What Does Frostbite Look Like? What Should You Do?
“Frostbite” is a term that is thrown around loosely, but the actual definition is frozen body tissue. A lot of people believe they have frostbite, when in fact they have what is called “frostnip.” While both conditions require attention, frostbite is more severe than its precursor, frostnip. This article will address both of these cold-weather injuries and their differences.
Did you know? Many people are treated yearly for frostnip and frostbite!
There are many degrees of frostbite – from just the skin, to the muscles, and even bones. Children are at higher risk for developing frostbite because they lose heat faster than adults and are less likely to know when it is time to come inside and warm up!
The area’s most prone to both frostnip and frostbite are the head, face, ears, hands, and feet. To avoid getting either of these conditions, it is important to take proper precautions whenever you or your family are spending time in an unpredictable, wintry environment.
Frostbite and Frostnip Prevention
- Listen to the weather. Any extreme cold temperatures or high winds can cause a problem – even if you’re not outside that long.
- Make sure you dress in layers. Items that are waterproof, moisture-absorbing, and windproof work best.
- Make sure you go inside and warm up in regular intervals; if you have to stay outside, warm your hands in your armpits and try to cover your face with gloved hands.
- Change out of wet clothes as soon as possible.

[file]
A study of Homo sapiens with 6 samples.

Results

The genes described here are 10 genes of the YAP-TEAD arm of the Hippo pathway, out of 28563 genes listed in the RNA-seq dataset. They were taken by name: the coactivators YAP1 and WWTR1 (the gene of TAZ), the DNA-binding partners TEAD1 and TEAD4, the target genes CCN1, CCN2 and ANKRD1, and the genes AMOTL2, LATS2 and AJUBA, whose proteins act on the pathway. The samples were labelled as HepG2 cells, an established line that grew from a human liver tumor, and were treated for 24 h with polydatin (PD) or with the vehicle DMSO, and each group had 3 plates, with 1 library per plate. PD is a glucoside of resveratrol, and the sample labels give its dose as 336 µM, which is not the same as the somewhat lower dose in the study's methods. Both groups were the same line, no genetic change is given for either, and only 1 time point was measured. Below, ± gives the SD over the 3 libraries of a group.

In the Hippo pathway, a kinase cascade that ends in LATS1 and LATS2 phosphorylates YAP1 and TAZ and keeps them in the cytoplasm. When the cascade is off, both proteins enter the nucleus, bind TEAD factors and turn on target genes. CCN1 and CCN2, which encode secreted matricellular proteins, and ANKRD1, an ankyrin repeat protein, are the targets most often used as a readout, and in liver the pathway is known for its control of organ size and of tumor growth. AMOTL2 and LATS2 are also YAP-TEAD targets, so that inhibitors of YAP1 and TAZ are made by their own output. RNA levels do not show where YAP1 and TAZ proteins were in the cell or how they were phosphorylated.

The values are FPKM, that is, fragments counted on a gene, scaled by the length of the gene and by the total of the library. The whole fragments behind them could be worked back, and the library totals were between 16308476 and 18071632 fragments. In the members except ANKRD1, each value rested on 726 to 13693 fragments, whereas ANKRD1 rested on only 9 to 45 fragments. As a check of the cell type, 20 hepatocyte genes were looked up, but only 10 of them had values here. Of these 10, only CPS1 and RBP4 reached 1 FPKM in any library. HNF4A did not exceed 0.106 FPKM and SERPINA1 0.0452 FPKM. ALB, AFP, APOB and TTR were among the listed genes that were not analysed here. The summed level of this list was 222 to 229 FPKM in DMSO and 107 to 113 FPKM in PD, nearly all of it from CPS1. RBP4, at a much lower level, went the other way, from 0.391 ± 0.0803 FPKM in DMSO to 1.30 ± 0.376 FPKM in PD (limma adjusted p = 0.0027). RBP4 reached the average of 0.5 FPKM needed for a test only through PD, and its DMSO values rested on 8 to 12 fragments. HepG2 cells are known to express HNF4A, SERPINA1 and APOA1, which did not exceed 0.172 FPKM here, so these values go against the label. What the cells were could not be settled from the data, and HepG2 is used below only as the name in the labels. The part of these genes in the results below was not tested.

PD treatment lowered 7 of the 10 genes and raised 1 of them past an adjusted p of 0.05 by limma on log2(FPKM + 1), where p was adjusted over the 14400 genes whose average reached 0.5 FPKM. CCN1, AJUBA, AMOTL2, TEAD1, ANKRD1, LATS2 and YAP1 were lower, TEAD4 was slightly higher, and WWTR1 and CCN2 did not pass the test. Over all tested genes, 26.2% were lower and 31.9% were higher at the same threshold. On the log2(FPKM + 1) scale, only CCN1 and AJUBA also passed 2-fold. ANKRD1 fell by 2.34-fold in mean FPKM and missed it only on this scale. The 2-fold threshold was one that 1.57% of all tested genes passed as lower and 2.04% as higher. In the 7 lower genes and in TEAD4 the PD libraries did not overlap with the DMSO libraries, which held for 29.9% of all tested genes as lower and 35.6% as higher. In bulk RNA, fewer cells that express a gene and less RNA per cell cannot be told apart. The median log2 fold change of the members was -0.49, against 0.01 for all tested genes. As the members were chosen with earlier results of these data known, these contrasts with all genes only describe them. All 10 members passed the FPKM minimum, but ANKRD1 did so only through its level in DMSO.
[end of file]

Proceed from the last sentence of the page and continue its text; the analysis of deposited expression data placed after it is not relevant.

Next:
- Keep a winter survival kit in your car and travel-sized supplies, like hand warmers, in your purse or diaper bag.
- Let others know when you will be outside.
- Learn CPR, in case of an emergency.
- Be extra cautious if you have peripheral vascular disease, like Raynaud’s phenomenon or diabetes, are a smoker, or are on beta-blockers.
If at all possible, wear mittens instead of gloves, as they contain warmth better. If you are ever caught in a snowstorm or have to be outdoors for a prolonged period, seek a shelter and increase your physical activity to maintain body heat.
The Stages from Frostnip into Frostbite
This is a mild form of frostbite and only affects the epidermis. It is characterized by redness and a cold, numb, or tingly feeling. It can be treated at home.
- Superficial Frostbite
Patients will experience an aching or throbbing and a warm feeling. Both the epidermis and dermis are affected and fluid-filled blisters may appear 24 to 36 hours after thawing out. The blood vessels are not yet affected, but there may be a whitish or grayish-yellow tint to the affected extremities.
- Deep Frostbite
During this stage, the epidermis, dermis, and subcutaneous tissue and blood vessels are affected. Damage may be done to the tendons, muscles, nerves, and even bones. Patients will have numbness; joints and muscles may not work; large blisters will appear within 24 to 48 hours; and the tissue may turn hard and black (gangrene) as it dies. Amputation may be necessary at this point.